The word “homemaker” is a term that means entirely different things to different people. For some women, it is a title to be embraced and enjoyed. For other women, they want little or nothing to do with it. For me personally, I have not given much thought to homemaking. My husband and I are both in school with no children to tend to, so “homemaking” in the traditional sense is sort of a breeze. It’s really a non-issue.
Or at least it was, until last week. As part of some reading for a class, I came across an essay that has challenged me to reconsider the practice of homemaking. More specifically, I’ve been challenged with a new understanding of this word from a Christian perspective.
In a piece titled “Religious Instruction: Homemaking,” scholar Elizabeth Caldwell examines the metaphor of homemaking as it relates to education. Caldwell is an associate dean at McCormick Theological Seminary, which is why her essay has a particular focus on education. Even so, I found her insights to be applicable on a wider scale. Quoting author Sharon Daloz Parks, she defines “homemaking” as follows:
Homemaking is “a connective, creative act of the human imagination and a primary activity of Spirit. It is the creation of forms and patterns which cultivate and shelter life itself.”
Caldwell also adds that homemaking is an especially powerful idea given how many in our culture are plagued by a “homelessness of the mind” (here quoting Sarah Little). Caldwell writes, “Adults struggle to make meaning of their lives in a world that grows increasingly more complex and violent.”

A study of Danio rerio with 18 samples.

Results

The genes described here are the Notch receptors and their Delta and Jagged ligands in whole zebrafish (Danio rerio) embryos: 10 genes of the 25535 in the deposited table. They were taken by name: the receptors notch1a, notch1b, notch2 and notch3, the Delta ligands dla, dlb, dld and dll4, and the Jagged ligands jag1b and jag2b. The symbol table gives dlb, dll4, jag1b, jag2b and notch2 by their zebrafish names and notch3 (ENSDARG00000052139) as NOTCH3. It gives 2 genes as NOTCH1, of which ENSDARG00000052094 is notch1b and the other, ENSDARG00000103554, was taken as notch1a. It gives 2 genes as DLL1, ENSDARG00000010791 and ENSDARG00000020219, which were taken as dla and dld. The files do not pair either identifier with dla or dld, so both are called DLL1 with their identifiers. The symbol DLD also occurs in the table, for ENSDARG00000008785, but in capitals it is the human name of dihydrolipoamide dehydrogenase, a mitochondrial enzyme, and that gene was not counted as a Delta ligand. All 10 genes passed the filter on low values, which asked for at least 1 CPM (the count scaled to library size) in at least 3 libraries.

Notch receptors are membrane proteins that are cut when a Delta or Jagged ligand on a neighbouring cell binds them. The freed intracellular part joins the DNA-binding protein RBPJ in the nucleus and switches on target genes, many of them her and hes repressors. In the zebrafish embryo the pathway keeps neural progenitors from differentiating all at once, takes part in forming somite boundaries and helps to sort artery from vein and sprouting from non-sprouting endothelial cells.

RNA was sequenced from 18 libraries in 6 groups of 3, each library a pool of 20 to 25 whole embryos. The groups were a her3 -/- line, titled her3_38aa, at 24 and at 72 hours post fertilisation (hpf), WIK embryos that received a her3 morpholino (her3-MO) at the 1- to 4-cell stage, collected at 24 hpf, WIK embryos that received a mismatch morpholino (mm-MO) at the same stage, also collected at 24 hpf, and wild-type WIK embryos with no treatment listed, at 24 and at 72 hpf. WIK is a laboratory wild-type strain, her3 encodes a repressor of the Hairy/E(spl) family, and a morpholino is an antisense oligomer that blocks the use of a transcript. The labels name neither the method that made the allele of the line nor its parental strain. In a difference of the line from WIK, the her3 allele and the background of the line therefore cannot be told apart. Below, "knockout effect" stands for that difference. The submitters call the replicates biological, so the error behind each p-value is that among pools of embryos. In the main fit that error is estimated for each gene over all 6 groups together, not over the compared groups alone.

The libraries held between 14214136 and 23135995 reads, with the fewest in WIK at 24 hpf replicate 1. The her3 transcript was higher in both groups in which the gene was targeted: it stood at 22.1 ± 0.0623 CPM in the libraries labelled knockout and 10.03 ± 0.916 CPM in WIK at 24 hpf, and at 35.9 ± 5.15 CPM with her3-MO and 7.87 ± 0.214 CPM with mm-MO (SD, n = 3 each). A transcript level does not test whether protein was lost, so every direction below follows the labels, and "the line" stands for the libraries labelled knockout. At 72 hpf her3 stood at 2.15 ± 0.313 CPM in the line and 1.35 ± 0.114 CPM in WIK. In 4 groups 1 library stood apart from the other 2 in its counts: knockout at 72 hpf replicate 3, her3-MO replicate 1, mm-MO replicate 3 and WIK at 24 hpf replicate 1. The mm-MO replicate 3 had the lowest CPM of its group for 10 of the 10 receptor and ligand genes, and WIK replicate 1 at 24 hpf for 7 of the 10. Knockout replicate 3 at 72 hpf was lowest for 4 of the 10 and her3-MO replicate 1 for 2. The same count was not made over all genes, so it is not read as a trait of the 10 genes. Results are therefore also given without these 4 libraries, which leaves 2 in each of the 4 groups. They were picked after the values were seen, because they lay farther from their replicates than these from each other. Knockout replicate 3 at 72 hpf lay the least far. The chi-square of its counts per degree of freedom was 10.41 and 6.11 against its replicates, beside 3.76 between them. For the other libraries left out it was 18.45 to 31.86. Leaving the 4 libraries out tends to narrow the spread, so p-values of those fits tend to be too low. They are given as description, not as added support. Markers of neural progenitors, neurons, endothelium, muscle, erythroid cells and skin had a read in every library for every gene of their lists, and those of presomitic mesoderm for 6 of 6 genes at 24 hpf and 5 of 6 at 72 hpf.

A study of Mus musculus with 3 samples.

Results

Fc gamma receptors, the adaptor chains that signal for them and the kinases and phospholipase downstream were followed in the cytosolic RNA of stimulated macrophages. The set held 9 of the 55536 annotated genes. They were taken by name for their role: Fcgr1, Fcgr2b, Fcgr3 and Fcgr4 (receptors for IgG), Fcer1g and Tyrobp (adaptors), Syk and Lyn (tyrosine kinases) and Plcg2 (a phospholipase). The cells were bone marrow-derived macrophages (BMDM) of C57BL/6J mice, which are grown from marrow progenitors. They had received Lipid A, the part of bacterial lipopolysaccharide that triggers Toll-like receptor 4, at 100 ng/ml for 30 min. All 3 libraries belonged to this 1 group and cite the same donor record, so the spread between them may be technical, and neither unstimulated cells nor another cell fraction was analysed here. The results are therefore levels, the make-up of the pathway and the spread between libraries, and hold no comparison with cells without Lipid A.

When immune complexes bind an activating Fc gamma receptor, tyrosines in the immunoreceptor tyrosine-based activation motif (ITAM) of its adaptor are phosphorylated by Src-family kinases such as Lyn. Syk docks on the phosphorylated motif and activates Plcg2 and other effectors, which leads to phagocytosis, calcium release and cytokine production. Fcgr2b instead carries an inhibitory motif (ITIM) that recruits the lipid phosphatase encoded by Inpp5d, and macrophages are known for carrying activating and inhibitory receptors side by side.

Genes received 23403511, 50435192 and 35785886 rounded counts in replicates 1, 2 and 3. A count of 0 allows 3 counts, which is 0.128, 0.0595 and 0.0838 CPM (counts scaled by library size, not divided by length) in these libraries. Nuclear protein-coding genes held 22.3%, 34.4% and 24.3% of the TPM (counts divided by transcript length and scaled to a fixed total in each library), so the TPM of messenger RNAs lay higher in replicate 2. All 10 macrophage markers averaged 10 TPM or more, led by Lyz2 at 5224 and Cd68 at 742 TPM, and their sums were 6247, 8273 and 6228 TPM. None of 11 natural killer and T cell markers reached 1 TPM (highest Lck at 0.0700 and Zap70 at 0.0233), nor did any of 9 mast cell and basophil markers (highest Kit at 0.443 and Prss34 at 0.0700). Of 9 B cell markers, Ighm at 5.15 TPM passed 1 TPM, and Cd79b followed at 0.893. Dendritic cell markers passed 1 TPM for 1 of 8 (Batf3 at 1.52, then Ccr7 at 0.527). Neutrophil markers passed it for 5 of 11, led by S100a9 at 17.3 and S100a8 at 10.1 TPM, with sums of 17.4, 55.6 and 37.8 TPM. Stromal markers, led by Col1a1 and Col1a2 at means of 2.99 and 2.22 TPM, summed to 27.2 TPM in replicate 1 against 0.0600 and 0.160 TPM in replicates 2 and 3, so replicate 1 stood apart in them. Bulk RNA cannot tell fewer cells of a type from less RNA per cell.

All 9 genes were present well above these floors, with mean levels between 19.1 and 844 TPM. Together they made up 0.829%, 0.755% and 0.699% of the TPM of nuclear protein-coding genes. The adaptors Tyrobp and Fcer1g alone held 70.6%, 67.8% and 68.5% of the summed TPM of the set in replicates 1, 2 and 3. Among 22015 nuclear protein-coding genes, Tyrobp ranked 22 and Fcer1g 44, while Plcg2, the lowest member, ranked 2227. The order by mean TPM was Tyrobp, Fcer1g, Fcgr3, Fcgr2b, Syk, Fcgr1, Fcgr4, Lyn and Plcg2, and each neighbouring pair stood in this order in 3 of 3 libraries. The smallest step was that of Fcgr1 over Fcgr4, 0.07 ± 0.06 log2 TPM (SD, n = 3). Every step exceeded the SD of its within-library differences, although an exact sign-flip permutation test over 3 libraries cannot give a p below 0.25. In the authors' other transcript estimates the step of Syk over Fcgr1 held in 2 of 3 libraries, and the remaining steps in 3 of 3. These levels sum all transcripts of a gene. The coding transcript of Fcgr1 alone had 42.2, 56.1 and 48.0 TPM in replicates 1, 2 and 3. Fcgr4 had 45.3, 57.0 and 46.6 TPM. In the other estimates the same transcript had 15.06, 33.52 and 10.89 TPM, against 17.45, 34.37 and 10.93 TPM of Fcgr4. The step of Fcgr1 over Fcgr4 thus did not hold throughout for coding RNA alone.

Caldwell’s insights about homemaking have tremendous power for women in the church. Especially those of us without children or spouses, for whom traditional homemaking is relatively alien to our daily lives. Consider again these words: “the creation of forms and patterns which cultivate and shelter life itself.” I love that idea! It is so easy to interpret homemaking as the literal making of a physical home, but what would it look like to help cultivate and shelter the spiritual lives of those around us?
Over the years I have written some about the Christian work of hospitality, which shares a number of parallels with homemaking. In both instances, Christians are prone to focus on a very narrow application of these principles. Those narrow applications can also undermine the very spirit of both practices.
In the interest of avoiding those pitfalls, I wonder what it would look like to be a spiritual homemaker. Many of my neighbors and friends are wrestling with a homelessness of the mind, or a homelessness of the heart. What is the Christian response to their spiritual displacement?
While the ultimate spiritual home for every soul is to be found in Christ alone, the church and its members are certainly sign posts pointing in his direction. The Christian life and the Christian church should therefore function as echoes of the eternal home that awaits. As hard as we work on our homes, it’s important to consider whether our lives and our communities are spaces of rest, security, and belonging. Do our attitudes and our relationships have the character of our heavenly abode?
I love to think about those questions. Not only do they broaden the scope of homemaking to Kingdom proportions, but they call each one of us, male and female, parents and those without children, to consider our own role in the task of homemaking. As we help lost individuals find their way home, it is not enough merely to tell people about the character of their eternal home. We must also embody it for them.